CIMAvax is so interesting, scientifically speaking, because it belongs to a new class of cancer treatments called immunotherapy. Rather than using a scalpel, radiation, or chemicals to take cancerous cells out directly, immunotherapy stimulates the patient’s own immune system to fight cancer. A few immunotherapies are already on the market, and pharmaceutical companies are racing to develop the next. For the past two decades, Cuba, a country with a tiny biomedical research budget, has been quietly sitting on CIMAvax. And this vaccine could be just one of the first of several Cuban drugs, currently locked behind the embargo, to make to the U.S.
“We were not thinking about Cuba at all,” says Lee. “Our image of Cuba was from back in the I Love Lucy days. We didn’t consider they had really advanced cancer treatments.” But Cuba manages to punch far above its weight in medicine. Although the country lacks access to advanced medical equipment due to the embargo, life expectancy in Cuba is even a bit higher than in the U.S. Its strength is a robust primary-care system that focuses on disease prevention.
That’s how CIMAvax came along, too. In the 1980s, Cuba developed a vaccine to prevent meningitis, a bacterial infection of the membranes around the brain. The vaccine uses pieces of protein from meningitis bacteria, which signal “hey, I’m foreign” and switch the immune system into attack mode. One particular protein, they found, was especially good at activating the immune response.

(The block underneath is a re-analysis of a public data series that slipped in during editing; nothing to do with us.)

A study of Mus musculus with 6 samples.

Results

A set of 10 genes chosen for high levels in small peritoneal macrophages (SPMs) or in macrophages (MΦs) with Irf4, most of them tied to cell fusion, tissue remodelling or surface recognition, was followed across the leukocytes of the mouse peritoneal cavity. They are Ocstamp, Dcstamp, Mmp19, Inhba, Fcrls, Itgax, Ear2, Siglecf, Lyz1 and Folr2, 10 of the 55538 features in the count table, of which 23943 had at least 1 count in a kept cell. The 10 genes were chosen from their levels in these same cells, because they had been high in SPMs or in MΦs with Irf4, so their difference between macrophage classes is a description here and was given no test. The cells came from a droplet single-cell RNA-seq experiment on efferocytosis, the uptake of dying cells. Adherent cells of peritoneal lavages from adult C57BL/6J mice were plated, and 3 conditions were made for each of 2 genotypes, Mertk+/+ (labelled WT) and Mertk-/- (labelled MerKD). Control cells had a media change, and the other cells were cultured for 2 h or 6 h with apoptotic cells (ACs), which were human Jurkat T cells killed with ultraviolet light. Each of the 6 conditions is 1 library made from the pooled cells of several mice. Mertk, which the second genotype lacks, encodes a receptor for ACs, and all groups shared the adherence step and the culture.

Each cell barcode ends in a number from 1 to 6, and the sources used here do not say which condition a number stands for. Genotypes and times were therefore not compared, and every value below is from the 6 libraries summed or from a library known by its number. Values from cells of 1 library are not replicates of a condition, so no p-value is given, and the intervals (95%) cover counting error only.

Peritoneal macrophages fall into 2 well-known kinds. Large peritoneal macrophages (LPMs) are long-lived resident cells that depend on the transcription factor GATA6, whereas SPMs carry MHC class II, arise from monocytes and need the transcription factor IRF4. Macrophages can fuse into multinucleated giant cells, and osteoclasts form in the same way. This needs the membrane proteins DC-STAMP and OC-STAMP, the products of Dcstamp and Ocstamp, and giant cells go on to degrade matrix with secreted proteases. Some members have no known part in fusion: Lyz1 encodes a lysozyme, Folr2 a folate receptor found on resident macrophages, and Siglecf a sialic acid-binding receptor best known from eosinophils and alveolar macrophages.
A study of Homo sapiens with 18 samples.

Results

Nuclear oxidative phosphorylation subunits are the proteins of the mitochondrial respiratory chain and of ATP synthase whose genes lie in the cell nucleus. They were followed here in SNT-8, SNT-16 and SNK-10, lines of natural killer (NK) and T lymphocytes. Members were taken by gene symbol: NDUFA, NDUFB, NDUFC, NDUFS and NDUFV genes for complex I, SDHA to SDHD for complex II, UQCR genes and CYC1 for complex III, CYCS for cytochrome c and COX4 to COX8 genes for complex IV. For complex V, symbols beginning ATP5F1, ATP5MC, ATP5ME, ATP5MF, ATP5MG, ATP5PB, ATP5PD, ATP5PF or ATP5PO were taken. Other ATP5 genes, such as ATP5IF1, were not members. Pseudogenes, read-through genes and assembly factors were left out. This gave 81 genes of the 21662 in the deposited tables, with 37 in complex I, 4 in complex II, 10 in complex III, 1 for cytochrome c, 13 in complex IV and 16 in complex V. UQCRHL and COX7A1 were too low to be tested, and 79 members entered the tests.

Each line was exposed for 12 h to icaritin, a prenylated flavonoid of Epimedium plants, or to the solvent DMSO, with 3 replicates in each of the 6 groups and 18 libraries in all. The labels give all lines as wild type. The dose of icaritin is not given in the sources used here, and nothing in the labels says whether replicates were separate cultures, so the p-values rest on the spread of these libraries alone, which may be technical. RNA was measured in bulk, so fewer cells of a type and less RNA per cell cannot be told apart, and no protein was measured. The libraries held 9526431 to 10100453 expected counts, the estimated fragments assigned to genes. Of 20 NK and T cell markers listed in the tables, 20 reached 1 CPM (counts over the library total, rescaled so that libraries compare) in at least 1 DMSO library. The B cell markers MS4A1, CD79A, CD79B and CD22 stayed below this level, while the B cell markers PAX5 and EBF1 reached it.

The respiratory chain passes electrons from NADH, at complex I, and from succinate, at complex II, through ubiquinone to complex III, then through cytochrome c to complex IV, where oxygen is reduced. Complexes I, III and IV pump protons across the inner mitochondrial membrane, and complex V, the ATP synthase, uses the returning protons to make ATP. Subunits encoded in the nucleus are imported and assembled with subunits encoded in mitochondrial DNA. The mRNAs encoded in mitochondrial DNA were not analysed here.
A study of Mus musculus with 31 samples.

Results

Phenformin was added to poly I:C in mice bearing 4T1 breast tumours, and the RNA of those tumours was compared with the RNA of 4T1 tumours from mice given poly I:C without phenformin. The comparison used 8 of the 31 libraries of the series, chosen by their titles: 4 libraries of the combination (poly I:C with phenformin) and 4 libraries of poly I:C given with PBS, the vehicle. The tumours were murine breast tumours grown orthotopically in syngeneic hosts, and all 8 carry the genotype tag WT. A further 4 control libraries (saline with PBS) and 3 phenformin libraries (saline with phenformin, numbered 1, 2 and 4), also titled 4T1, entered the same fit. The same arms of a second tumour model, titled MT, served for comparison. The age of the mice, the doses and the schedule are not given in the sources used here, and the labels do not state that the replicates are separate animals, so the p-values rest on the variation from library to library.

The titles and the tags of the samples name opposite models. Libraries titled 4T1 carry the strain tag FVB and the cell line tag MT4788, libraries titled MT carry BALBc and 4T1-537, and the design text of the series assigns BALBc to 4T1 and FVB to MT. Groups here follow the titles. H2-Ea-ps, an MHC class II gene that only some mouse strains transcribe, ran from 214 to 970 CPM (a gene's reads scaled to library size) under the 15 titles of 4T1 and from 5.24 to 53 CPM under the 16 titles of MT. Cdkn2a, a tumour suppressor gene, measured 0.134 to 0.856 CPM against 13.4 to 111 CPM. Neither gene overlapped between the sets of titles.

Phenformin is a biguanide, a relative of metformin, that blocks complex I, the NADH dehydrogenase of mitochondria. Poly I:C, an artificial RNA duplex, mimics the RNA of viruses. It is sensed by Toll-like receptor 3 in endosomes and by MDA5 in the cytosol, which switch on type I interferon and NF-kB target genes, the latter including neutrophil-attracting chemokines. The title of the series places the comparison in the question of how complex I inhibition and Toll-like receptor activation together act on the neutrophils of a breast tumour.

So when researchers at the Center for Molecular Immunology turned their attention to lung cancer—then the number-two killer in Cuba—they didn’t start from scratch. They took that unusually powerful meningitis protein and fused it to part of another protein called epidermal growth factor, or EGF. EGF is important for controlling cancer because, as its name implies, EGF makes cells grow, and cancer is essentially cells growing out of control. When injected, this fused hybrid protein kicks a patient’s immune system into high gear (thanks to the meningitis) and targets cancer cells (thanks to the EGF). That’s how CIMAvax is supposed to work. It’s called a vaccine because like other vaccines, it stimulates the immune system, but it is actually used to treat rather than prevent lung cancer.
Lee recalls learning all this for the first time at Gonzalez’s talk. “I’m just sitting in the audience and going, ‘That’s really amazing,’” he says. CIMAvax had been approved in a handful of Latin American countries by then, and a handful of desperate American patients have since traveled abroad to get CIMAvax. The vaccine doesn’t necessarily kill cancer cells, but it slows their growth enough to prolong patients’ lives by several months in trials. And its side effects are mild, especially compared to how chemotherapy can ravage the body.